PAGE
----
This investigation is being conducted in highly specialized labs that can specify and control sources of radiation and measure their effects.

The energy of electromagnetic radiation is determined by its frequency; ionizing radiation is high frequency, and therefore high energy, whereas non-ionizing radiation is low frequency, and therefore low energy.

The NCI fact sheet Electromagnetic Fields and Cancer lists sources of radiofrequency energy.

Electromagnetic radiation is defined according to its wavelength and frequency, which is the number of cycles of a wave that pass a reference point per second.

Electromagnetic frequencies are described in units called hertz (Hz).

Investigators have also conducted analyses of incidence trends to determine whether the incidence of brain or other cancers has changed during the time that cell phone use increased dramatically.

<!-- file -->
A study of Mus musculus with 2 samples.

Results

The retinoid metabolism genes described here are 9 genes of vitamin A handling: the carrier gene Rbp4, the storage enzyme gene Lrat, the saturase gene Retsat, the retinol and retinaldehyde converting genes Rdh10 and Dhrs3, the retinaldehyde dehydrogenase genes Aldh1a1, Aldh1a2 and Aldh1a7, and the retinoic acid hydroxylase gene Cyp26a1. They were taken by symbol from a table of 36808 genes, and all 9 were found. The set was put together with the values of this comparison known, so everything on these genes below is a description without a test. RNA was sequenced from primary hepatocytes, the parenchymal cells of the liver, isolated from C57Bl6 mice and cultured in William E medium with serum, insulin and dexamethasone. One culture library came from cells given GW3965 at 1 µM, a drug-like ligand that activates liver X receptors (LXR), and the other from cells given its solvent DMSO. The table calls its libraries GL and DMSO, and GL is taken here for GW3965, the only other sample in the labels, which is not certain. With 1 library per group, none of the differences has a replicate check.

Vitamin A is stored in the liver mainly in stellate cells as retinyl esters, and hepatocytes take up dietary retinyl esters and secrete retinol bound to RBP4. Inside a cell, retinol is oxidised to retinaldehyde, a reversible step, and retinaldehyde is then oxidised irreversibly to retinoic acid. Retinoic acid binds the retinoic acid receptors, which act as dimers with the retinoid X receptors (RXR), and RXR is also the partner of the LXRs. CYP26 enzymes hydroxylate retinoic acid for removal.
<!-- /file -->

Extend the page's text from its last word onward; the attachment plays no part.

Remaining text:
The human body absorbs energy from devices that emit radiofrequency electromagnetic radiation.

The authors of these studies noted that the results are preliminary and that possible health outcomes from changes in glucose metabolism are still unknown.

Such inconsistent findings are not uncommon in experimental studies of the biological effects of radiofrequency electromagnetic radiation (5).

Whereas one study showed increased glucose metabolism in the region of the brain close to the antenna compared with tissues on the opposite side of the brain (2), the other study (3) found reduced glucose metabolism on the side of the brain where the phone was used.

Another study investigated whether exposure to the radiofrequency energy from cell phones affects the flow of blood in the brain and found no evidence of such an effect (4).